This past weekend, many families came together to celebrate Easter and Passover. At first glance, many would think that these two holidays from two separate religions have very little to do with the other. However, this past Saturday, the Messianic congregation I attend spoke about the connection between the two celebrations and how Passover may foreshadow Jesus.

What is Passover?

Matthew 26:17 says, Now on the first day of Unleavened Bread the disciples came to Jesus saying, ‘Where will you have us prepare for you to eat the Passover?'” 

Jesus, as a Jewish man, celebrated Passover with his disciples. This is because, in Exodus chapters 12-13, God instructed the Israelites to celebrate the holiday. For anyone unsure of what Passover is, it is, very simply, the retelling of the miracle of how God liberated the Jews from slavery in Egypt. And, as the Messianic Jewish ministry, One for Israel notes,

“The Passover miracle is recalled with wonder throughout many of the Psalms… Plus, it is a huge neon sign pointing to the coming release which would be bought with the blood of another spotless lamb – our savior Jesus.”

Can Jesus be found in the Passover?

The idea that one can find allusions to the Jewish Messiah in the celebration of Passover is fascinating and really worth the time to look into. In short, many theologians and apologists would say that one certainly can find Jesus in Passover.

Whether one agrees or not, the symbolism found in Passover is striking in quite a few ways; one of particular interest is the “afikomen.”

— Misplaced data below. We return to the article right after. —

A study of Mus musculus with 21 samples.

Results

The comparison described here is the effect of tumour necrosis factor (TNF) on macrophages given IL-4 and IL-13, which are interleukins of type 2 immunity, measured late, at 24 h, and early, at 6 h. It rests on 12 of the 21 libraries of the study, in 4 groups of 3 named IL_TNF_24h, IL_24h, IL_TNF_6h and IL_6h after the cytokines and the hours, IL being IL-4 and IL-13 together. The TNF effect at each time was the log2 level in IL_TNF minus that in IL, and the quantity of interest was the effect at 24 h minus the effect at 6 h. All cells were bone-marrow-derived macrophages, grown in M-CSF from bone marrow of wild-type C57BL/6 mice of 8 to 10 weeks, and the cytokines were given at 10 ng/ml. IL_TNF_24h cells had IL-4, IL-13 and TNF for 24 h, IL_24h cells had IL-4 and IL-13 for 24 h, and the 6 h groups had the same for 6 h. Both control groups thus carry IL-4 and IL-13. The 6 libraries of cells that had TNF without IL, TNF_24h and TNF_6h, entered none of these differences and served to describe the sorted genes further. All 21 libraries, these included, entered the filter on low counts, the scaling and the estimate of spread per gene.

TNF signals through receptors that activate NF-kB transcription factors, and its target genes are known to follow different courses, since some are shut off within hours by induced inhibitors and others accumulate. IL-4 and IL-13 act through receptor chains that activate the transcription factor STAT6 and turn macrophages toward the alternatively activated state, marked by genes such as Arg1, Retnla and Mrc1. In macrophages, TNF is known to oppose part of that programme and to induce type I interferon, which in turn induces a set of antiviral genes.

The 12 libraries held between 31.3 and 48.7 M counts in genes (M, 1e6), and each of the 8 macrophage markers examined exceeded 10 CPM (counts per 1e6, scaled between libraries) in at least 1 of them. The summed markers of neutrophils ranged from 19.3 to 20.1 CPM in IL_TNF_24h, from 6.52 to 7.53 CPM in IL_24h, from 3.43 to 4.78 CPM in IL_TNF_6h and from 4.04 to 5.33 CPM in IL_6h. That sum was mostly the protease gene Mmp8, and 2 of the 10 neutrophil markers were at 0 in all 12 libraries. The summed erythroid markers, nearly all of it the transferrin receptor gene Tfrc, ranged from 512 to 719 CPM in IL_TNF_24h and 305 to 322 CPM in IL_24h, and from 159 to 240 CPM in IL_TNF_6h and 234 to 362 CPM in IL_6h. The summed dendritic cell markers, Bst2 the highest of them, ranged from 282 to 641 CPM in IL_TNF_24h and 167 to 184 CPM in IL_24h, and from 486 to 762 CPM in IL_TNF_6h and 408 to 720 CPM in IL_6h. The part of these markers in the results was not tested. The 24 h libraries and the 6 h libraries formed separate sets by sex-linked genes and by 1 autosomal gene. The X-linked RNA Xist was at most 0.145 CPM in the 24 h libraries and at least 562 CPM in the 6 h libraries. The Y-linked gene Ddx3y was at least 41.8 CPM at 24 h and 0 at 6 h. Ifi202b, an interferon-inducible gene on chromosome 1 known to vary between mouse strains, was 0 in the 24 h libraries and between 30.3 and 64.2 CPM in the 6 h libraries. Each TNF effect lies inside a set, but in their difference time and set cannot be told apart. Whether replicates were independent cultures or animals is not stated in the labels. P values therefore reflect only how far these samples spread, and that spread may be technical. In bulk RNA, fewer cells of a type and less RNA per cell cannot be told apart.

Jonathan McLatchie eloquently explains the significance of the “hidden matzah” and how it hints at the resurrection in his piece for Cross Examined:

“Even the practices of the Passover dinner are loaded with symbolism. The Trinity is symbolized by the three matzahs which are put together. Jesus’ death and subsequent burial are symbolized by the breaking of the middle matzah (Jesus, recall, is the second person of the Trinity), which is subsequently wrapped in a white cloth and hidden. John 19:40 tells us, ‘And so they took the body of Jesus, and bound it in linen wrappings with the spices, as is the burial custom of the Jews.’ Following the meal, the ‘buried’ matzah is ‘resurrected’, thus symbolizing Christ’s resurrection.”

Conclusion

As Christians, we are not called to celebrate Passover (if one chooses to do so, it is out of  personal desire.) Yet, there are reasons to see how the symbolism in Passover could point to Jesus and that can give us a fuller picture of why He is “The Lamb of God.” As Rich Robinson wrote for CBN.com:

“The early Jewish believers in Jesus considered him the fulfillment of the Passover lambs that were yearly sacrificed. Thus Paul, a Jewish Christian who had studied under Rabbi Gamaliel, wrote, “Messiah, our Pesach, has been sacrificed for us” (1 Corinthians 5:7)…The idea behind all this was that just as the Israelites were redeemed from Egyptian slavery by an unblemished lamb, now men could be freed from slavery to sin by the Messiah, the Lamb of God.”

For more information, take a look at this excellent video on the subject. It was suggested by Jonathan McLatchie in his article for Cross Examined.